Mon Oncle

Jacques Tati

© Les Films de Mon Oncle

View this work in Les Chiffonniers exhibition

The work

In his first two films, Jacques Tati explored the tension between the old and the new, the past and the future, Europe and America, the rural and the urban. However, although the social mixing of classes is very evident in the boarding house in Les Vacances de Monsieur Hulot (Monsieur Hulot's Holiday), at a time of paid holidays, in Mon Oncle (My Uncle), these two worlds no longer cohabit.

A stockade, a shaky frontier, separates the two neighborhoods, wealth and poverty, pretension and modesty, stress and an easy-going life, egoism and sociability, etc. The Arpels, a well-off bourgeois couple, come down to use their luxurious villa with its futuristic architecture, in the new neighborhood, with their son Gérard, for the first time. Gérard leads a dull life, between an absent father and an obsessively house-proud mother (Gérard associates the sound of the vacuum cleaner with his mother's presence!). The only times that matter to him are when he is riding around his uncle's (Mr Hulot) old neighborhood on the back of his uncle's Solex.

The film revolves around this contrast and Tati wields his camera without pulling his punches: lambasting snobbery, conformism and dehumanizing modernism (the clinical laboratory-like kitchen, the garden with its excruciating design, the aggressive electronic shutters or the idiotic gargoyle-like fish-fountain are all pretexts for inventive and sometimes repetitive gags). No one communicates in this house where "everything communicates", as Mme Arpel coos!

A visionary, Tati poses very contemporary questions, with humor and insistence, on architecture and town planning, local services, social interaction between classes, parent-child relations, the place of cars in our cities. But Mon Oncle is above all a great comic film: Jacques Tati, in his original and poetic style, creates a new rhythm for his scenes and gags, and develops a popular, ambitious and demanding cinema.

The film ends on an optimistic note with father and son, hand in hand, united in a mischievous complicity that they will have to learn to sustain.

The artist

Jacques Tatischeff was born in the outskirts of Paris on October 9, 1907. Destined to follow in the footsteps of his father, a picture framer, he abandoned his studies to become a mime artist. He performed his pantomime parodies of sports on stage and then in short films. In 1947, he made L'école des facteurs (School for Postmen), a promising outline of his first feature-length film which came out the same year: Jour de Fête (The Big Day). This first work was greeted with critical and public success. Proudly claiming descent from the great American burlesque comedians headed by Chaplin and Keaton, Tati established his own offbeat style, a silent and very resonant cinema: a great comic filmmaker was born!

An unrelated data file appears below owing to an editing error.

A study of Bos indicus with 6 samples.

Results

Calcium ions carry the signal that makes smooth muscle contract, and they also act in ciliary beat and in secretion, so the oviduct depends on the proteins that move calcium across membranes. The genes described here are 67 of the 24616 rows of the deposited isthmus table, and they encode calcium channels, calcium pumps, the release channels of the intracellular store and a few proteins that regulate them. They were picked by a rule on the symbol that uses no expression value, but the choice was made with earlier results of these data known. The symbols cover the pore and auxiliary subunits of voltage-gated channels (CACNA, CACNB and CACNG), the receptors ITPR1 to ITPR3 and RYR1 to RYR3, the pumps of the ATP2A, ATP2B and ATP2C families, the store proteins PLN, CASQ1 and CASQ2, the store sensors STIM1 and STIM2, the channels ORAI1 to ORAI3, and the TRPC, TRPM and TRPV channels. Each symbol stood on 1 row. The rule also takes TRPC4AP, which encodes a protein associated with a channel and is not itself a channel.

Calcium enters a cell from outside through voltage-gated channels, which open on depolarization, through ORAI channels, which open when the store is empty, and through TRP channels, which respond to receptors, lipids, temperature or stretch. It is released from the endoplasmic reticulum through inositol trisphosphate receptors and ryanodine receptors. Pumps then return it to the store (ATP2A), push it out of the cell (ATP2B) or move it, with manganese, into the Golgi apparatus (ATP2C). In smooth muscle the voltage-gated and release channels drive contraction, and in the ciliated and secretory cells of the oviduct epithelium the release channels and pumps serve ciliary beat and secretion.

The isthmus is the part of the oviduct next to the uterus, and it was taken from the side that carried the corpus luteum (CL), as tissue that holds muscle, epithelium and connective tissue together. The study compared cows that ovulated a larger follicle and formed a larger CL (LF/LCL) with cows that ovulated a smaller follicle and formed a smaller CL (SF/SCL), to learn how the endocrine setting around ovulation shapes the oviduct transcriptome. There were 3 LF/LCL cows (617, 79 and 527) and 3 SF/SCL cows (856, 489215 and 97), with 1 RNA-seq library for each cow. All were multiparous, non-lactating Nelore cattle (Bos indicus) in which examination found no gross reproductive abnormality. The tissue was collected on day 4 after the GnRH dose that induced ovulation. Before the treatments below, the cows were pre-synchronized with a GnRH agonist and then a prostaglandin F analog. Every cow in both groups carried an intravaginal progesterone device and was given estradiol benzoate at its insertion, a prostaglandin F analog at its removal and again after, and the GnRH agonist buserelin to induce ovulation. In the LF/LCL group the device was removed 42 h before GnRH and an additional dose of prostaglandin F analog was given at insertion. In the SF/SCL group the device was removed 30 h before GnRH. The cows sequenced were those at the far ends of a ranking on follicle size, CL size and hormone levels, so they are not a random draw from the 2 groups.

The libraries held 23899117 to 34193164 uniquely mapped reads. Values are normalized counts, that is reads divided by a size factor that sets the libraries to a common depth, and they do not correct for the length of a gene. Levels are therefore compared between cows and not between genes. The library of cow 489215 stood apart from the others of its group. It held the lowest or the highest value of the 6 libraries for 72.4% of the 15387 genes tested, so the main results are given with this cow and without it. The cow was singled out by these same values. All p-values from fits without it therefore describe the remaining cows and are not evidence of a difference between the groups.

In 1953, Les Vacances de Monsieur Hulot (Monsieur Hulot's Holiday) was an international triumph, especially in the United States. This was the first appearance on screen of the emblematic character to which the filmmaker now lent his own tall silhouette. Mon Oncle (My Uncle) came out in 1958 and received the highest accolades: the Special Jury Prize at Cannes and the Oscar for Best Foreign Film in Hollywood. Tati, attached to his independence and creative freedom, then turned down the most enticing propositions: so we never got "Monsieur Hulot goes skiing", or "Monsieur Hulot in New York", in space, or anywhere else! Audiences delighted in the discovery of a funny stylized cinema, based on the minute and affectionate observation of Homo sapiens in a changing world. Lucky fans of Jacques Tati's cinema, faced in real life with bizarre noises, snatches of conversation or street scenes with a doubtful, potentially comical, outcome have all been known to say "why, it's just like a Tati film!".

Playtime, his fourth film, was released in 1967 and was as resounding a flop as it was an ambitious and costly project. The disappointed critics and public could not make sense of this gigantic work (originally 152 mins then edited down to 137 mins), profuse with details in which Hulot himself seems lost in the abundance of each shot (filmed in 70mm). A film to watch over and over again and spot something new with each screening!

Jacques Tati never got over this failure. The releases of Trafic in 1971 and Parade in 1973 did not soothe the bitterness felt by their maker. His final years were painful: he was ruined, deprived of the income from his first four films and seriously ill. Tati was however honored in 1977 by the Académie des Césars, for his entire, exemplary and consistent, oeuvre: six films in thirty five years! He finished writing what should have been his next film: Confusion which was never completed nor filmed. Jacques Tati died of a pulmonary embolism on November 4, 1982.